Piping that is key to Co Antrim fish farm can be installed


A judge held that plaintiffs Lee Beverland and Naomi Liston are legally permitted to replace an existing structure near the banks of the River Maine in Randalstown.

His verdict gives the green light for hydro-electric power enabling the facilities to operate more intensely.

Mr Beverland and Ms Liston own the land on Otterburn Fish Farm has been located since the mid 1970s.

Built on the site of an old paper mill once owned by the grandfather of Henry Joy McCracken, its history can be traced back to 1737.

The area is bordered by fields owned and farmed by the late John Hughes.

Under a deed dating back to 1976 Otterburn’s previous owners had the right to install and maintain water pipes from adjoining lands, the court heard.

Proceedings against the deceased’s personal representative centred on whether this grant of easement permitted the plaintiffs to replace 1.8 metre diameter piping with a rectangular construction measuring 2.2 metres by 5 metres in dimension.

Mr Justice Horner was told the fish farm will be unable to operate commercially in future unless the bigger pipe is installed to carry additional water.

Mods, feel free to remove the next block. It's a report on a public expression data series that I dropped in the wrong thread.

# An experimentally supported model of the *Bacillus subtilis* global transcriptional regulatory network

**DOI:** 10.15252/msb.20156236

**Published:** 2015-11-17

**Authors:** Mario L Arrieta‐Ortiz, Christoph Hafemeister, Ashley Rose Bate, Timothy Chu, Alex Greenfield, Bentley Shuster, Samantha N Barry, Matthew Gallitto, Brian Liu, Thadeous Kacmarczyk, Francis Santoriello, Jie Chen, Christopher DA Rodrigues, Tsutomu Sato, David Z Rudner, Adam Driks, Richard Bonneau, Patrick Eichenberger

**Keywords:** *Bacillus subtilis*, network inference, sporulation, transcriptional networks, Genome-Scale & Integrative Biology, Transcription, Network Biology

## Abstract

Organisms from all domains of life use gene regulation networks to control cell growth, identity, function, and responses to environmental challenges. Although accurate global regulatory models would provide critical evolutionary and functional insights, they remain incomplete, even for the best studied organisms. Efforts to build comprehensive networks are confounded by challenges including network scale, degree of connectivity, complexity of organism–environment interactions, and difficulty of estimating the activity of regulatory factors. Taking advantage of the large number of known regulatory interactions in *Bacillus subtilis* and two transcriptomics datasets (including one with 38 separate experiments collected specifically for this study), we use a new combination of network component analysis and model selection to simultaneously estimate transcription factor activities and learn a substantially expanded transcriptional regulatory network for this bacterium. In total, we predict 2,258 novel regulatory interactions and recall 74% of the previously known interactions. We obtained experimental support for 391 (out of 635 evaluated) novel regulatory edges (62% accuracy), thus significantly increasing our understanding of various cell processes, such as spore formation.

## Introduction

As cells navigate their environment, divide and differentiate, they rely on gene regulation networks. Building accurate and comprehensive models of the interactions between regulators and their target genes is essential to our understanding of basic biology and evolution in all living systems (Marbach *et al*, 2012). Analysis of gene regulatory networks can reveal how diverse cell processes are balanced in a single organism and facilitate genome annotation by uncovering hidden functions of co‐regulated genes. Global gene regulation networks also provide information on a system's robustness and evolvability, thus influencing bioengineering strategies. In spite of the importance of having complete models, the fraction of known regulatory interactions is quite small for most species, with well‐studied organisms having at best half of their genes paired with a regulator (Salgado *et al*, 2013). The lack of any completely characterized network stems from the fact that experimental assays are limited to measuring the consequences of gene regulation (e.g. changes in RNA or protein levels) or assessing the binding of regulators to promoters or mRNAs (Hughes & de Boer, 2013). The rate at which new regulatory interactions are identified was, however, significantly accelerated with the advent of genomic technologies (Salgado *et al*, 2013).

He accepted that without the benefit of the hydro-electric power capital investment for modernising the facilities would not be available.

“The replacement piping, bringing with it the benefits of cheaper power and more intensive farming methods, is critical to the long-term survival of Otterburn as a fish farm and its continuing operation as a viable enterprise,” the judge said.

The court also heard how a study in 2009 concluded that a 200kw hydro-electrical system eligible for grant funding up to a maximum of £20,000 was viable for the location.

Rejecting any suggestion that the plaintiff’s primary intention had been operating a fish farm, Mr Justice Horner held the aim of the original scheme was to produce electricity for sale to the grid.

The deceased, he concluded, could not have understood the plaintiffs’ precise intentions following meetings to discuss the plans in 2010.

He pointed to subsequent correspondence from Mr Hughes’ solicitors which insisted the deed didn’t permit enhancement or enlargement of the pipe.

However, further declarations that electricity would not be supplied to the grid were described as a major change in the plaintiffs’ strategy.

The case they made was that a hydro-electric power plant on their land would be for purposes related to the fish farm, although surplus power generated may at times be sold at the appropriate tariff.

Delivering judgment, Mr Justice Horner held that the installation of a larger pipe over the defendant’s field - provided it is to be used on the fish farm.

“The diversion of water through the pipe, whether old or new, is only lawful insofar as it is for the primary purposes of a fish farm,” he said.

The judge added: “This will permit it to function as a viable economic enterprise. Without the larger pipe, no commercial fish farm can operate on this site.”